As the workings moved away from the shaft, a layout had to be created in which pillars of coal would be left to hold the roof up. At the same time there were two gases that became feared by the miners. At the time they were using candles that were attached to spikes that could be driven into the coal wall, or a wooden prop being used to hold the roof up. One of the gases that would desorb from the coal is methane. This is the natural gas that is now, in some locations collected by drilling long horizontal holes through the coal. It is an unconventional source of gas, and usually called Coal Bed Methane (CBM). While it will come out of a pipeline at a useable concentration, when it seems out of the coal within the mine it can become diffused through the air, and in a modern mine the air speed and volume are designed to dilute it, and carry it rapidly out of the mine. In earlier years, however, they did not have such fans. The air was almost still, and so the methane could rise and collect in pockets at the roof. Holding up a candle to see ahead a miner could ignite the gas, or if it was in a concentration of 5-15% by volume it could explode. When it explodes it can kill either through the force of the blast, or by burning up all the oxygen in the mine, suffocating those not initially killed.
At the start of a miner’s day they might therefore send someone in, wrapped in wet cloth, and crawling along the floor with a candle on a stick. At each high point in the roof he would raise the candle, hoping in this way to burn out the gas, before it reached the explosive level, and while the pockets of gas were small. The person doing this was given the title “The Penitent. ” The role was also present in salt mines faced with the same problem, and there is a photo of a Polish model, the old classic picture is a bit harder to find so I must dig out and add a version of my copy.
Keeping the air churned so that these pockets of what was called Fire Damp, or just plain damp, had to be done several times a shift, generally by waving an article of clothing, in the days before mine ventilation.
The other gas that had to be watched for was carbon dioxide, which in contrast with methane, which being lighter than air collects in the roof, is heavier and thus pools on the floor. So that if you were getting down to cut the starting slot in the bottom of the coal seam, you might just drop into a pool. It was called choke damp – though that was also the name given to carbon monoxide, which could also seep out of the coal. All these gases are colorless and odorless so that without some form of detection (the canary for example, or using a candle as a test) they can lurk to catch the unsuspecting. With the invention of the safety lamp (where the heat of the flame is removed by a surrounding mesh of copper wire) it became possible to use the lamp itself as a testing tool. One of my first mining tests was to make sure that I could tell, by the height and shape of the small blue flame of the methane burning over the lowered flame in the lamp, what the gas concentration was. (Each lamp was in a separate hood, and I remember that they had two at the same concentration in the set of around half-a-dozen I had to evaluate).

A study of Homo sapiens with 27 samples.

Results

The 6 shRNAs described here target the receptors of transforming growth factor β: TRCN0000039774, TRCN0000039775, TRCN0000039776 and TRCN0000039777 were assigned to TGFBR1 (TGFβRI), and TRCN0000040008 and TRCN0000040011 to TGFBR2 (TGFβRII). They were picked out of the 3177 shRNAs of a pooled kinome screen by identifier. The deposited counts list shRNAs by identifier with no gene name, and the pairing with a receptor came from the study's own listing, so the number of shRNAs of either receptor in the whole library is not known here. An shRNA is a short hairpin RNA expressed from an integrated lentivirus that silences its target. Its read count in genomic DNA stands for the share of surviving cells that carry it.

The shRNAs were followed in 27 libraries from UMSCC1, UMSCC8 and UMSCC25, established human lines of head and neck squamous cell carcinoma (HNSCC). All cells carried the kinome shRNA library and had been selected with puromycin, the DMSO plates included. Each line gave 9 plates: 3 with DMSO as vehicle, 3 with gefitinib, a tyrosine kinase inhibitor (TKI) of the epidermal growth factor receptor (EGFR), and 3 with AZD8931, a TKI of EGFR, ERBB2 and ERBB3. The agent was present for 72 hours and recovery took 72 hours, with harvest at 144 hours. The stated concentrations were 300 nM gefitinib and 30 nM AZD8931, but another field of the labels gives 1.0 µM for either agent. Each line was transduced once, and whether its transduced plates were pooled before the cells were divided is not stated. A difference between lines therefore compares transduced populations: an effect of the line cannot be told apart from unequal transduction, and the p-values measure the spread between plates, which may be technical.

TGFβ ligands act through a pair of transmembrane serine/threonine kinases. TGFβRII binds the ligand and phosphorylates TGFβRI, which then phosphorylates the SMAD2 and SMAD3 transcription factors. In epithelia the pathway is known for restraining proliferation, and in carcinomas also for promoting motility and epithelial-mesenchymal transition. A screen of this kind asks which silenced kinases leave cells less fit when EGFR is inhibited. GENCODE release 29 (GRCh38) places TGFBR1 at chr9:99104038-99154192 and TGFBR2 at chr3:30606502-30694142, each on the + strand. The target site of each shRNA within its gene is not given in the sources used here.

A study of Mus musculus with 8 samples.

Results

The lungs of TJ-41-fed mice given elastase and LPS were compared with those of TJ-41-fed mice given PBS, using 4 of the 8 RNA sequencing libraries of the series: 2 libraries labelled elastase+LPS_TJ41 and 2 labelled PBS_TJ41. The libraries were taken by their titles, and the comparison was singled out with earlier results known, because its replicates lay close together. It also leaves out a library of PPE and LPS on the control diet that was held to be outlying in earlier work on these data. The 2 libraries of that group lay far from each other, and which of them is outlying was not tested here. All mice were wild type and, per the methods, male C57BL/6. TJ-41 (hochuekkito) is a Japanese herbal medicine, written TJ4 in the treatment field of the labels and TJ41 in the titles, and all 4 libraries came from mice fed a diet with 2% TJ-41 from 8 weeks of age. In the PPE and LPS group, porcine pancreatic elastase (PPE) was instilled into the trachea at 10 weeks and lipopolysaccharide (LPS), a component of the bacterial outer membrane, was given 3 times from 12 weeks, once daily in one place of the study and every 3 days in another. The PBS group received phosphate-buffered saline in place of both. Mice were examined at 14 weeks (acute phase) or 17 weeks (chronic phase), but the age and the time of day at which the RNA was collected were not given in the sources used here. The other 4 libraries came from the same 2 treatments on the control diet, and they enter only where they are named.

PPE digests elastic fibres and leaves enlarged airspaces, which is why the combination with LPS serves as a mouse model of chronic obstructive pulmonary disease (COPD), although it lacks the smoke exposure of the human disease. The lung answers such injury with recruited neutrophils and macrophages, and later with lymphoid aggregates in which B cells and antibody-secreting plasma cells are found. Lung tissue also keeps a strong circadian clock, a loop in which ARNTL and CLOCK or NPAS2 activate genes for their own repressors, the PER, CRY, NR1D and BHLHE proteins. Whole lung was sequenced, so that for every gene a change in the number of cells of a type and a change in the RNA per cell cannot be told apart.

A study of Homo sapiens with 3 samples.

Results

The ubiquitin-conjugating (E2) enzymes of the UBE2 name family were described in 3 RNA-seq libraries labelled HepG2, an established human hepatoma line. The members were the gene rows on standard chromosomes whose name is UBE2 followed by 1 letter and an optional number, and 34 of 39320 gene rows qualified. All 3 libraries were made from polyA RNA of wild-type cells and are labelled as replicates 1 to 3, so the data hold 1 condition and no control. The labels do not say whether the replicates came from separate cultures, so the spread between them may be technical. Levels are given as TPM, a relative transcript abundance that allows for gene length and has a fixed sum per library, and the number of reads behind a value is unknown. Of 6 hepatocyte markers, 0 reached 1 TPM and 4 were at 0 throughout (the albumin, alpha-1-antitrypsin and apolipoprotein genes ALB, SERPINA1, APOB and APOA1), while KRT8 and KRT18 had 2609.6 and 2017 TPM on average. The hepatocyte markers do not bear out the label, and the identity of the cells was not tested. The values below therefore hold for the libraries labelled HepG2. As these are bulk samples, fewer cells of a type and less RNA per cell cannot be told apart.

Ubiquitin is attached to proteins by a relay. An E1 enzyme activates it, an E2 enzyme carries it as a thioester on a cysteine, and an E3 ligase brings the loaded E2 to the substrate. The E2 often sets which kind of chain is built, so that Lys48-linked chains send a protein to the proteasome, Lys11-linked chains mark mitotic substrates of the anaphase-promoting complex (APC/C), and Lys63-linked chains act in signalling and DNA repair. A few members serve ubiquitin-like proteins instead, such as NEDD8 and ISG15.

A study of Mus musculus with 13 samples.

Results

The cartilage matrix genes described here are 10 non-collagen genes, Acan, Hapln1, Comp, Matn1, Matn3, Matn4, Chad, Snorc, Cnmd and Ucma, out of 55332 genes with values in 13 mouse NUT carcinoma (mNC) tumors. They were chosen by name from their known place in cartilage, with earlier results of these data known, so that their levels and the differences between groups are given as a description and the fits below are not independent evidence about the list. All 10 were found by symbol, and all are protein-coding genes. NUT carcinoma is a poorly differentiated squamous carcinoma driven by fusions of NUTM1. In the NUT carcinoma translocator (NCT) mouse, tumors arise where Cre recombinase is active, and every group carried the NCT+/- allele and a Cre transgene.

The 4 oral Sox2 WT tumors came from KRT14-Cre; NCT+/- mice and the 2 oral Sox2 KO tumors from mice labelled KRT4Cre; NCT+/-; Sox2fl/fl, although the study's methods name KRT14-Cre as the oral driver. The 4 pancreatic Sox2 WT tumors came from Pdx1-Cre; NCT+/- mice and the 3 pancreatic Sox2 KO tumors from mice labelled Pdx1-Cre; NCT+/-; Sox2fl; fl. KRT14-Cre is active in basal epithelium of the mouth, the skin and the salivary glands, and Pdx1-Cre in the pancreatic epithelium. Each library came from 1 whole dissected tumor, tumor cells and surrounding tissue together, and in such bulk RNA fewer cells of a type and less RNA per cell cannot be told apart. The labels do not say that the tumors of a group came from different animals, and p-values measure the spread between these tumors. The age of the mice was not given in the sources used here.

As the mines grew larger air had to be circulated through them, so that these gases would not build up, and a series of temporary and permanent walls would be built between pillars in worked out areas of the mine, to make sure that the air moved around the mine, and then back out the shaft. For many years, starting in around 1810 the motive power for the air was created by having a fire in the bottom of the shaft, in a special furnace room. Usually these were underground, although there was the occasional one at the surface. Unfortunately if the fire ignited the surrounding timber that was being used for support, then a major fire could result, killing everyone underground. This was the case with the Avondale mine disaster in 1869, at the time the worst industrial accident in American history, 110 people died.
Although there are still parts of the world where this type of primitive mining still occurs, and where women and children are used to help get the coal out, in most countries they have been banned from underground work. (This was the Act of 1842 in the United Kingdom) . Taking the coal from the miner or hewer to the shaft was known as putting or hurrying. (I learned it as putting).
Six year old girl: "I have been down six weeks and make 10 to 14 rakes a day; I carry a full 56 lbs. of coal in a wooden bucket. I work with sister Jesse and mother. It is dark the time we go."
Jane Peacock Watson. "I have wrought in the bowels of the earth 33 years. I have been married 23 years and had nine children, six are alive and three died of typhus a few years since. Have had two dead born. Horse-work ruins the women; it crushes their haunches, bends their ankles and makes them old women at 40. "
Maria Gooder "I hurry for a man with my sister Anne who is going 18. He is good to us. I don't like being in the pit. I am tired and afraid. I go at 4:30 after having porridge for breakfast. I start hurrying at 5. We have dinner at noon. We have dry bread and nothing else. There is water in the pit but we don't sup it. "
So I will leave this segment just as the mine transitions from families working where the man hews coal from the face, loads the baskets, which are then dragged to the shaft by his wife and children and winched to the surface. Next time I will talk about the coming of the pit pony and mechanization and the changes that made. It increased the energy cost of mining the coal almost from the beginning, but that’s next time.
Earlier posts on coal mining are:
T1. Coal – its formation and structure
T3. Coal Reserves – or what can I count as real?
T5. Historic Coal Mining.
As I get time (and practice) I will also come back and illustrate these words with some pictures using Poser.